A Lesson in Business Communication Via Email

Here’s a short note that we wrote for ourselves, reminding each other about how business communication could be effective and pleasant at the same time.
So, we as a team have been on the receiving end of numerous emails asking us for updates. With time, we’ve sort of mastered the art of sending such emails. Here’s how we’d like to send follow-up and “gentle reminders” to people.
PS: This isn’t a template. This isn’t a guide. A lot of these are “tips” that work for us. We put these together to help remind each other. And we hope these are useful to you as well. And no, these aren’t just limited to an email, but communication in general. They aren’t something you tick off while crafting messages, but tips you inherently begin practising!
So, here goes.
1. Gauge the situation.

Follow-ups are great. Most opportunities get lost in the midst of busy emails and even a lack of initiative. So, follow up. But first, analyze your situation/context/understanding with the other party. Depending on whether there are contracts in place, or this follow-up dilemma is an aftermath of an informal chat, the expectation you should have from the other side will differ.

2. How often is too often?

We like to follow up once a week unless we’ve been specifically asked to chat or remind the other person on a specific date. It’s never too early or late!

3. Provide value with each email!

We take a follow-up email as an opportunity to inform the receiver about what you’ve been up to in the time period that has elapsed since the last communication. We also try to slip in some humblebrags, some hint of our capabilities that are specific to the conversation happening. This helps set context, and provide value to each piece of communication.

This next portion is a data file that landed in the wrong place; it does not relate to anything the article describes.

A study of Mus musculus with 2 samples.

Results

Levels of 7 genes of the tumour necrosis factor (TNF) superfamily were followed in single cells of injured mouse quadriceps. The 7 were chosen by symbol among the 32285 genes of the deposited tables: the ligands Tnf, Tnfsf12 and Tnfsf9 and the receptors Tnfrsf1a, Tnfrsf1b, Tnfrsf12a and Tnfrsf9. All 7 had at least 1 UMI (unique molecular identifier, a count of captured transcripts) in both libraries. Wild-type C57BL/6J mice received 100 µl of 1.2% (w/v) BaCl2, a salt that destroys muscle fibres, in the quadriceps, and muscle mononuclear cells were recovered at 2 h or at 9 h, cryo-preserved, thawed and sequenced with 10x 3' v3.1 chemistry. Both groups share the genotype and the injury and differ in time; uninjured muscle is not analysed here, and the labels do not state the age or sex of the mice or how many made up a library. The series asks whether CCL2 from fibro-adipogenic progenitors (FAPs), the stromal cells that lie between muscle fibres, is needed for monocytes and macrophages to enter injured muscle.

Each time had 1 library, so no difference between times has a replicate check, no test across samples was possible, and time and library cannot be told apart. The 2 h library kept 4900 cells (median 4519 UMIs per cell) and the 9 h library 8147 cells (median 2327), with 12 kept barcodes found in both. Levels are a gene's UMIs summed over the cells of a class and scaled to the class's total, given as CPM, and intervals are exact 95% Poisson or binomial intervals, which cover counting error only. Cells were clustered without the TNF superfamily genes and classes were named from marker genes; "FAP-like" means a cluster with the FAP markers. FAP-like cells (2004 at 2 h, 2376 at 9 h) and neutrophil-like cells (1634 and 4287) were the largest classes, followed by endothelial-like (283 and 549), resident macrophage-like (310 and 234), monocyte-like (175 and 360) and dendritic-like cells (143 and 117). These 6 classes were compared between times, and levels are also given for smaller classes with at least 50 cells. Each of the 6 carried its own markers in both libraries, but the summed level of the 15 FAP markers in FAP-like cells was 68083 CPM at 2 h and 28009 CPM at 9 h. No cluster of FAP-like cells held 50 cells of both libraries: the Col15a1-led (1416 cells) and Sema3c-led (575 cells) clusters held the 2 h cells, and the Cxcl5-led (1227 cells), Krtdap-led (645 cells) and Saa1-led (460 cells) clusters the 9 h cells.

For instance, if it was a cold email, the first email would’ve had details about our work in general. Should we get another opportunity, in each subsequent email, we would get into more detail about what we can offer to them.

PS: Cold emailing is another artform altogether. We are yet to master it!

4. The tone of your email matters.

Most follow-up emails end up making the third party feel guilty about something they were “supposed” to do and did not do. While this may be unintentional, it can leave a bad aftertaste. And this is why a tiny change in the message can go a longway!

For instance, instead of the email saying “any update on this?”, we try to write, “I hope you got great value from all the people that pitched to you. Please do let us know if you’d need anything further from us”
The former is curt, straightforward, and transactional, but the latter sounds polite and courteous!
So that!
Should you get an email from us that doesn’t follow these “principles”, please do point it out! And should you have other, better tips to share, we are all ears!